Nebraskan Potstickers

I ended last week’s Musing with a photo of the bathtub at our hotel.  That was a great soak.  That particular late afternoon, I conducted the business of making dinner reservations for seventeen from that hot bubbly tub. 

In Lincoln, New Hampshire, very few restaurants take reservations.  Instead, you can call ahead and put your name on the list.  It would seem they equate this with you walking in and saying “I need a table for eight” to which they reply that there is an hour wait.  So if you call at five, you may be told that the soonest you can be seated is six.  Basically, by putting your name on their list, you wait in the comfort of your own space until 5:45 rather than lolling around at the entrance of the restaurant or standing at a crowded bar dodging elbows for forty-five minutes. 

We were traveling with gymnastics families, so at its peak, we had twenty-four in our community.  Ordering pizza in was the best bet for this group at the beginning of the week.  A couple nights later, the majority of us decided to eat out.  I volunteered to put our name on the list for 6:00 or 6:30 p.m. at a highly recommended local hamburger joint.  One table for eight adults and one for nine kids.  I called at 4:00, knowing from an attempted booking the day before that if I waited until 5:00 to call, we wouldn’t be seated until 7:30 or 8:00.  Which might mean 8:30.  At four o’clock on the dot, I called only to learn that I couldn’t put my name on the list for a specific time; rather, I had to call at just the right time to hit that elusive target time I wanted our groups to be seated.

From the bubbles, I called every fifteen minutes, changing the pitch and pace of my voice each time until I nailed the time.  Still the semi-reservation was complicated… No guarantee that groups would be seated at the same time or near one another, and we might still be split up into smaller groups.  With so many conditions, our group re-grouped.  Six adults went out for dinner.  I think that’s a good number to do dinner with under these “call-ahead” conditions.  Kids happily ate in and the adults had a just-long-enough wait sitting on a cozy couch before being seated.  In the end, six friends squeezed into a booth and laughed most of the evening between bites of brie & bacon or teriyaki burgers.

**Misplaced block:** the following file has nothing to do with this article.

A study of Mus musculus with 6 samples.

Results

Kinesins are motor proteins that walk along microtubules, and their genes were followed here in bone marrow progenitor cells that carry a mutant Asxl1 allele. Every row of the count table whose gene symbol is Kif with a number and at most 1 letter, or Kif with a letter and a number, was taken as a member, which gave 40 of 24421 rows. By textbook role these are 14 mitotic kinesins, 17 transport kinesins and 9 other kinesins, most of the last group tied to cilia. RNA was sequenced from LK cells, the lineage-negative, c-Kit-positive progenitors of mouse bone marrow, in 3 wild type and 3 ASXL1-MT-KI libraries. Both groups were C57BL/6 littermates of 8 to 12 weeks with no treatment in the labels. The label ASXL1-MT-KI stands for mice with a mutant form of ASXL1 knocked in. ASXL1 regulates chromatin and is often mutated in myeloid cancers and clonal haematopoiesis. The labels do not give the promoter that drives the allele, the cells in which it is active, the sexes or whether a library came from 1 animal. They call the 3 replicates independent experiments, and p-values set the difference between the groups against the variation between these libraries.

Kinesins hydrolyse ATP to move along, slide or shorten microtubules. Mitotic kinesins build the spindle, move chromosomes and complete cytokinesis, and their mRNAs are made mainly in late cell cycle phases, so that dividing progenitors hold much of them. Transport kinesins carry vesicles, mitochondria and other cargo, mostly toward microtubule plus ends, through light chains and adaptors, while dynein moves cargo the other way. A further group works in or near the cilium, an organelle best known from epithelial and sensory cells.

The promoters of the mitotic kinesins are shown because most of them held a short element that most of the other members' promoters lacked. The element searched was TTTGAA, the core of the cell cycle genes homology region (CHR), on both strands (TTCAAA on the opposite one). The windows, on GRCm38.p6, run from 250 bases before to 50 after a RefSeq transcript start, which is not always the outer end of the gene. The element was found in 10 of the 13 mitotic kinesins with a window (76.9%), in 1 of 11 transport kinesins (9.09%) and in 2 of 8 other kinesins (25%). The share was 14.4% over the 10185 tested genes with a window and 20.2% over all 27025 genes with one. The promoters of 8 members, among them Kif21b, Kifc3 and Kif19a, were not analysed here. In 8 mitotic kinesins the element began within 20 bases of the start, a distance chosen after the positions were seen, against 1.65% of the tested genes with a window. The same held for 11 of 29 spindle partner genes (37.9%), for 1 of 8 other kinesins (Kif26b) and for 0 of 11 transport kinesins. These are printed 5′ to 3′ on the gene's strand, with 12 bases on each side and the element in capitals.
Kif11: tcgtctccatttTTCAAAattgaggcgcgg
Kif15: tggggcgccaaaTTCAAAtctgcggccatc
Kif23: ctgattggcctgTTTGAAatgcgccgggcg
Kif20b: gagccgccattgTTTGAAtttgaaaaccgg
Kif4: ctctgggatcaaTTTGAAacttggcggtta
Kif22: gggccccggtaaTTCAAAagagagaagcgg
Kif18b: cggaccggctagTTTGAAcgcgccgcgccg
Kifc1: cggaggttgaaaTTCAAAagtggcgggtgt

The next night we were in need of dinner for twelve.  Friends staying at a different location suggested Chinese and that they would pick it up and bring it to our room at the hotel.  I volunteered to organize.  Remembering the hotel had given us a list of local restaurants when we checked in, I found Imperial Palace on the list, plopped it into a Google search, and then sent the menu link to all families.  They texted their selections, and I called in the sixteen items, paid for the order with my credit card, and retreated to the tub again to sooth sore muscles.  I had a half hour.  I needed that half hour.

My phone rang several minutes into the soak.  It was Bill.  “We think you placed the order at a restaurant in Lincoln, Nebraska!”

I hit “Recents” on my phone and re-dialed the Imperial Palace.

“Where are you located?”


“What state?”


“Oh no!  I’m the one who placed that big order twenty minutes ago!  I’m in Lincoln, NEW HAMPSHIRE!!”

“Hold on… STOP THAT ORDER!” he shouted to his kitchen. 

I braced myself for his response to me.

“No worries. It’s happened before.  I’ll credit your card.”

How kind this man was not to yell at me.  His response really could have taken the evening a whole other direction. 

From the tub, I sent a short cuss text to Bill, confirming my error.

Then, I texted confirmation of my error to all the parents, including our friends out driving around between Chinese restaurants.  I begged for someone else to take over the ordering responsibilities.  An organized dad called the Imperial Palace in Lincoln, New Hampshire and placed the same order.  I got out of the tub, leaving behind one of the most unpleasant baths ever.  Dinner arrived an hour-and-a-half after the Nebraska order had been placed.

Fortunately, I was with friends.  Forgiving friends.  Humorous friends.  Friends who will long remember ordering Chinese from Lincoln, Nebraska.  One cleverly texted me a photo of the ever elusive Nebraskan potsticker.

Years ago, when the question “why” spilled so easily from preschoolers in my life – my own and the children of friends and family – I would stop the repetitive questions for which I didn’t know the answer with one simple repetitive answer: “because the sky is blue.”  I stole that response from someone else I met along the way.  These now-teenagers still remember my response and have used it with the young “why”-asking children in their own lives.

“Because the sky is blue” gave me an idea.  Rather than linger over this imperfect ordering fiasco, I’ve found a new philosophical answer to an often asked question in our house: “Where is …?”  If I don’t know where the object is, my answer shall be “Lincoln, Nebraska.” This answer shall also apply to those grown-ups who are looking for the location of the next gymnastics meet.  Or the nearest Chinese restaurant. Lincoln, Nebraska.